Eczema Questions Answered
Eczema is a chronic, non-contagious, skin condition. You may see it coming if your baby never quite has “baby soft skin” or it could suddenly appear out of nowhere. Our son first showed signs of eczema when he was around 6 months old. At the time, we didn’t know that this was an indication he was more likely to develop food allergies and didn’t take it seriously enough.
Since we’ve had to learn a lot about the topic, let’s dig into some of the easy questions around eczema, like...
What Does Eczema Look Like?
Atopic dermatitis (AD) is sometimes used interchangeably with eczema, but it is actually the most common form of eczema. It appears as dry, red, itchy patches of skin. AD comes and goes over a child’s life, with periods of normal looking and feeling skin, and other periods of “flare-ups.” The frequency and total area of affected areas varies from person to person.
A new flare, or acute eczema, usually appears with red itchy skin. Scratching the itchy patches, or not treating the areas can cause cracked, thickened, or rougher skin. Scratching also increases the chances of the skin becoming infected by the bacteria that live on everyone’s skin. Infected areas can weep fluid or form thick yellow crusts.
At What Age Does Eczema Typically Appear?
Eczema usually first shows up when a baby is between 3 and 6 months old. In babies, it mainly appears on cheeks and the outer areas of arms and legs. It can also be on the back or belly, but this is less common. As a child ages, the insides of the elbows, back of knees, and neck are most affected. Cradle cap may be an early sign but does not mean a child will develop eczema. Many children with eczema will outgrow it, with chances increasing 5, 10, and 20 years from onset.
Can you Prevent Eczema?
When it comes to eczema there doesn’t seem to be much you can do to prevent it. Exclusive breastfeeding has many benefits but has not been shown to prevent eczema. There is weak evidence that probiotics (live bacteria supplements) help and as such the World Allergy Organization offers “limited support for the use of probiotics in pregnant women who are in their final trimester, breastfeeding women, and infants. This recommendation is for the prevention of eczema in children who have a genetic predisposition.” Prebiotics, on the other hand, do not have evidence to suggest their use. Furthermore, a meta-analysis of dietary supplements including fish oil, zinc, selenium, vitamin D, vitamin E, B6, buckthorn oil, hempseed oil, and sunflower oil show no convincing evidence that they can reduce the risk of eczema.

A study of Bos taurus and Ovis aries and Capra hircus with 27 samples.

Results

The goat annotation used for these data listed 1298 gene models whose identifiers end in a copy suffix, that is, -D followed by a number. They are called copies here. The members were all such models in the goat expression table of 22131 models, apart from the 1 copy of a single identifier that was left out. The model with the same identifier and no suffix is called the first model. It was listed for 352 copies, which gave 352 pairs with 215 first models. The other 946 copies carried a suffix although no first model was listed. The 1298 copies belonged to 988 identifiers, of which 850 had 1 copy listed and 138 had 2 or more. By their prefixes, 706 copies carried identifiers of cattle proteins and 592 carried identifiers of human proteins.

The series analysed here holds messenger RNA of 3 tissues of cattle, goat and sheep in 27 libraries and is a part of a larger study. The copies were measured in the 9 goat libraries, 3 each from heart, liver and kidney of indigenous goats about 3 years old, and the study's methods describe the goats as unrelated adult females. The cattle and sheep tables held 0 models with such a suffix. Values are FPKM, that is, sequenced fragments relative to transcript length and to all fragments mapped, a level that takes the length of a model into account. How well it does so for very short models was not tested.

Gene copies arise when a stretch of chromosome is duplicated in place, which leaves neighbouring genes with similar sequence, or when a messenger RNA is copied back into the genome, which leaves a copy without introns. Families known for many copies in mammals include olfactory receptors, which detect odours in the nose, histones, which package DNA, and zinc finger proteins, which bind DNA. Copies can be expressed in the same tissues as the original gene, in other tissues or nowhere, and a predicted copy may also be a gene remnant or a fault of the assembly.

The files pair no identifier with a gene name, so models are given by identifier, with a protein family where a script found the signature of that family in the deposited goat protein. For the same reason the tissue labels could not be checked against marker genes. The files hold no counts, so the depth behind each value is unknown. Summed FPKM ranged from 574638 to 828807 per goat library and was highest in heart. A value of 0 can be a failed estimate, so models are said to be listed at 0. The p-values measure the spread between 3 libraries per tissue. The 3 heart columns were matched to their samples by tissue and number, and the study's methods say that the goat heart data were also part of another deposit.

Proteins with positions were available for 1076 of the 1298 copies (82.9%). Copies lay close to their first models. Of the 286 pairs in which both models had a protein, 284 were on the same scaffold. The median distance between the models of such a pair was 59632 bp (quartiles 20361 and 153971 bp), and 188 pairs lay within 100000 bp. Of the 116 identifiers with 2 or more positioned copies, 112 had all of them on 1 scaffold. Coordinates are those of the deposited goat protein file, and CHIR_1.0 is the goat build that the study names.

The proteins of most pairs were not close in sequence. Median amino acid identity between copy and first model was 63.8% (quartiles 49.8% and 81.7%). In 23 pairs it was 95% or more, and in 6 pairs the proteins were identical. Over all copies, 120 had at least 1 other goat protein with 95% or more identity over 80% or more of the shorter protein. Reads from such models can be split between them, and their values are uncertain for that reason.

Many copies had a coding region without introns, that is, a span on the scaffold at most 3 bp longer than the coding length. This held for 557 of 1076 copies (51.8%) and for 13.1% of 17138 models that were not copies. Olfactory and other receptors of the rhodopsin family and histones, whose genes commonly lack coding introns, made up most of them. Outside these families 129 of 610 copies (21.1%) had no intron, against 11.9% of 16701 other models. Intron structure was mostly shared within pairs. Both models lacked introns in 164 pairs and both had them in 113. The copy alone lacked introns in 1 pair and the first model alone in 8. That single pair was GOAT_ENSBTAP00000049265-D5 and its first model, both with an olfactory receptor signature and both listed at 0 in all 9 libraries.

What Causes Eczema?
There are a two main causes of eczema. The first is an inflammatory response in the skin to an allergen exposure (such as a specific food, pollen, other) or chemical (contact dermatitis). The outermost layers of the skin become damaged by this inflammation response and become dry and itchy. 30-40% of eczema is thought to be allergic and is often linked with hay fever and asthma though doctors don’t know why. The second major cause of eczema is that a person’s body doesn’t produce enough of the protein filaggrin, which it needs to produce the outer layer of skin, making the skin dry and itchy. Research has pointed to certain mutations which may cause this. There is a genetic component to both allergic and non-allergic eczema because children with a parent or sibling with eczema have a high risk of developing it themselves. Triggers in non-allergic eczema may be chemical irritants, stress, hot/ cold temperatures, sweating, infections, and hormones. So pretty much living life.
How Do I Know if My Child Has Eczema?
A pediatrician can assess baby’s skin and the history of flares determine if it is in fact eczema. An allergist can further help test for eczema caused by allergies with a skin prick or blood test for IgE antibodies. Both tests are good at ruling out causes. However positive results are hard to interpret because they just point to a sensitization, not an actual allergy.
Also, it is not recommended to “test for everything” because you may end up with a lot of false signals. Because allergic eczema is a response to an allergen, eliminating that food can help reduce flares. Blanket elimination diets of things like gluten, or eggs, when there is no allergy to those foods has not been shown to help.
Now to the hard part: What to expect when your child has eczema.
Living with Eczema:
If you baby is diagnosed with eczema, the game is:
1. Knowing and avoiding triggers to prevent flares
2. Managing and reducing itch to prevent changes to the skin from scratching, and
3. Continuously reducing the chances for dry skin to help with both 1 & 2
Managing flares and continuously preventing dry skin comes down to the use of emollients (high lipid content spreads) such as ointments or creams. Two times a day. Every. Day.
Emollients help lock in moisture after a bath and seem to help manage itching. Acute flares should be dealt with using recommendations from your doctor on a combination of corticosteroids, non-steroidal medications and anti-histamines to help with the itchiness.
If your baby has eczema keeping baby’s nails trim or using gloves at night or long sleeve clothing can also help reduce damage from scratching.
Managing eczema can be tough, especially when a child is young, and you don’t fully understand the triggers. But working with your pediatrician, you can find a routine that works for your child’s skin and limits the damage from this condition until they hopefully outgrow it.